Books I Read in 2022: The Fail Edition


Blogger wiped out about 80% of what had been a 2,000 word post right before I could save it. And no, I didn't write it in Word first, like an idiot. 

I was pretty happy with what I'd written, too, and flew into a fit of angry depression thereafter. Happy New Year to me. Bah. 

Hopefully I can muster up the desire to rewrite this post in a couple of days, based on what little was saved. Sigh. 


Jeff Shyluk said...

There's this artist I used to admire (and probably still do, but I've lost track of who he was!),and I read a story of one of his students. My admiration diminished when I found out the kind of lessons he taught, but the main idea remains impressive. You know, I'm not even sure I am remembering this story correctly, and you may have even told it to me. Doesn't matter.

This student is thrilled to audition for the artist's master class, it's the highlight of her start into a career in the arts. The teacher has her make a drawing, and she does, and he tells her everything he thinks is wrong with it, and the list of items is long. She perseveres and makes a new drawing correcting as many of the faults as she can. The teacher acknowledges the improvement but points out new faults. So, the student makes another, tighter draft. Again, improvement, again many faults. The student is clearly struggling, but she continues to draw.

The teacher has her combine all of the lines she used in her previous drawings so that the newest drawing is very dark, and almost imperceptible portrait buried in a massive mess of lines. The teacher gives her an eraser. He tells her to erase all of the things that don't work in the image, and to keep only the lines that serve their purpose. She does so, and a very strong portrait evolves. The student is awestruck: she had no idea she was capable of such finesse. The teacher is likewise impressed, he insists that this is her finest work, and it is.

The teacher then has the student make a final draft, employing every technique - additive and subtractive - to make the best portrait possible. The student does so, and renders an absolutely lifelike and stunning portrait of the model. There are no faults, it is perfect. The teacher has demonstrated his acumen, and has passed on his wisdom to the student who has achieved the finest art possible.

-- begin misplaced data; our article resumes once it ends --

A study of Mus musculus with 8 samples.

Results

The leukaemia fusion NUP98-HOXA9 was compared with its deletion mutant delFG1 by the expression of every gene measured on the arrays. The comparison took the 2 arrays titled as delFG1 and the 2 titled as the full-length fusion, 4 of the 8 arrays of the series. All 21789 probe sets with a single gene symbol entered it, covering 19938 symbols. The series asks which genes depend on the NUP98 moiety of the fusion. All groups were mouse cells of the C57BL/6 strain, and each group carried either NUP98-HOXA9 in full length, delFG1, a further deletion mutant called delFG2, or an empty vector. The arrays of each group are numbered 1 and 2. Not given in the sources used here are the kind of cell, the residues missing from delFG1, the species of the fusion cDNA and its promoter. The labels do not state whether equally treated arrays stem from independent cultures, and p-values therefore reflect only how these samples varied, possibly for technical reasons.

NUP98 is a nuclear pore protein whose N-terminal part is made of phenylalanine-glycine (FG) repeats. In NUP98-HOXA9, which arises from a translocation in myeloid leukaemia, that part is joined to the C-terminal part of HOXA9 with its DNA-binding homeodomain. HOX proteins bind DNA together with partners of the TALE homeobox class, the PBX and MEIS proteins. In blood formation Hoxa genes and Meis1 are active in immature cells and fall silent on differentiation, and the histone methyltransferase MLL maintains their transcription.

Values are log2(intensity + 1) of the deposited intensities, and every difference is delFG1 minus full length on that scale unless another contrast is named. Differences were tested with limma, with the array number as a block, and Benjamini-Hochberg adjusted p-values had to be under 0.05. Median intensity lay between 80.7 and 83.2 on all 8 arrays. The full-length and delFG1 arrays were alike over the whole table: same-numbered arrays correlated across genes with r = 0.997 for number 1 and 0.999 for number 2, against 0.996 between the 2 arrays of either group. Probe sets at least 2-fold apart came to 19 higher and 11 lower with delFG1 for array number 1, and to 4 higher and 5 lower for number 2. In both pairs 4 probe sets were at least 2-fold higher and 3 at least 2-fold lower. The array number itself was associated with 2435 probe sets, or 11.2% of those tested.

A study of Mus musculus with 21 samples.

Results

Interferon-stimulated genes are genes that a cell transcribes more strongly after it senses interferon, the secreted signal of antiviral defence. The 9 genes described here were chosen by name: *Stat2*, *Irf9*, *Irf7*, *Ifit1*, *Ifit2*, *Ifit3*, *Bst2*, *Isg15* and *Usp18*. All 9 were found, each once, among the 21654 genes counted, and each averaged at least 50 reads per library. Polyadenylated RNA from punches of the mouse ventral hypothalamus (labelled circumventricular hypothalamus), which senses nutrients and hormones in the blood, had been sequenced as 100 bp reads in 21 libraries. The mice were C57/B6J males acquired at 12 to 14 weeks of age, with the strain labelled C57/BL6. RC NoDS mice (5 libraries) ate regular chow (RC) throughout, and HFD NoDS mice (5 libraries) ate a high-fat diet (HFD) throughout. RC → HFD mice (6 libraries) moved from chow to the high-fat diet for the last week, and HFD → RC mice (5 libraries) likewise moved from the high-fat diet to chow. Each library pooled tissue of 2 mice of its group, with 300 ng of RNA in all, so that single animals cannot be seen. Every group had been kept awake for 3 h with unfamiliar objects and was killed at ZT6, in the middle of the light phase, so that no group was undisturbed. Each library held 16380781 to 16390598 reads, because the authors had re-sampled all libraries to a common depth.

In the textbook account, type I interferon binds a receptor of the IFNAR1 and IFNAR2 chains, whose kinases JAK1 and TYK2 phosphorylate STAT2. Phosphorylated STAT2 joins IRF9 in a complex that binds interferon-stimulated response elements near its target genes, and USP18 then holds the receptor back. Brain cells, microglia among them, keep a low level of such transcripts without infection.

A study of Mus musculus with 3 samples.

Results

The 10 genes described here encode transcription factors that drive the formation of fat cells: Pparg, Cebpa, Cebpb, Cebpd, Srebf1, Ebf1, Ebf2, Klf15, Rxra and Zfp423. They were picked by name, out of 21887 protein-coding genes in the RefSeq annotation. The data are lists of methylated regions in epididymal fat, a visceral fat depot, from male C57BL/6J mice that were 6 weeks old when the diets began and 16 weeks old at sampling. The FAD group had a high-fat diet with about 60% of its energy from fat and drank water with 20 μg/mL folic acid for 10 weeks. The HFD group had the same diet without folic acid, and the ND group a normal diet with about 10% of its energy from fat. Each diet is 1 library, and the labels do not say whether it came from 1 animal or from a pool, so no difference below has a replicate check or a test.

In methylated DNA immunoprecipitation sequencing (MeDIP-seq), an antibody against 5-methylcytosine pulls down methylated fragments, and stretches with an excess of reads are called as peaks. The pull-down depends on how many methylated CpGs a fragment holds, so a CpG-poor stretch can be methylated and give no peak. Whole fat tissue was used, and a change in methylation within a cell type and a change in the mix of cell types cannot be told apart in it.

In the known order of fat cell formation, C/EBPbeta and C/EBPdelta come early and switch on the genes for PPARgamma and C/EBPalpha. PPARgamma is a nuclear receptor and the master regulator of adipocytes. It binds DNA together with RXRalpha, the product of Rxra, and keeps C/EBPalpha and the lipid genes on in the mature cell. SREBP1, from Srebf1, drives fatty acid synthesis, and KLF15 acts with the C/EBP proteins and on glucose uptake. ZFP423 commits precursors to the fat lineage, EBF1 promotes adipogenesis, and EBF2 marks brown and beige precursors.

"Now rip the artwork into shreds," he commands.

She refuses, it's her best work, and she's poured many hours into the project. She wants to keep it. She is defiant. She is angry, and she yells at the teacher. "How can you make me do this? I've worked so hard!"

"You're right, you've done excellent work, and if you want to keep this piece, you should. But I want it torn into shreds, and I am not apt to repeating myself."

Fuelled my rage, she tears the thing into several unequal pieces.

"Congratulations, you can be in my class. The other applicants did not tear up their artwork, and so they failed."

Jeff Shyluk said...

So point being:

Do you have the willpower to destroy completely anything you've made? I like to think that I can. I'm probably definitely wrong, though. But I will consider this as a thought exercise when I do make something I like.

Perhaps it's a personality fault, I should be able to enjoy finishing a piece, to revel in its completeness, but that seldom works out. Or maybe I can take the long view: all art disappears over time. There's a toe on Michaelangelo's David that has been smashed out of existence. It can be duplicated, but it's not the original. And that's just one masterwork: what about all the mediocre art? Pessimism, or realism?

It's one thing to choose to destroy your stuff, it's another when the medium destroys it for you: digital art is extremely fragile that way. Computers definitely speed up the creative process, but at the cost of being brittle against time. You could use quill and ink, you know. That would slow you down and you'd choose your words with greater care. If you used vellum or parchment and a good lightfast pigment ink, there's a high probability that your words could last on paper for hundreds of years, maybe even a thousand if kept in good conditions.

Angry despair and depression are all part of the artist's lifestyle. Sometimes, often, you can even use that dark wellpool of emotion to your advantage. It's not healthy, though, or maybe it is. I would never tell you that your feelings towards destroyed art are wrong, but I would suggest that you can recognize them for what they are and prepare for a certain amount of healthy nihilism in your work. Maybe you'll be so great that Piero Cannata smashes your stuff with a hammer he hides under his coat, while stunned bystanders look on in horror and disbelief, and the Accademia guards arrive, but too late.

Earl J. Woods said...

Lovely parable, and in truth, I felt pretty silly for getting upset over a silly blog post. I think my reaction speaks more to stress than anything to do with the post itself. And, just as in the parable, the draft I posted today turned out better than the first (though with just one extra iteration, it is, of course, far from my best work).

"All art disappears over time." Nothing lasts forever.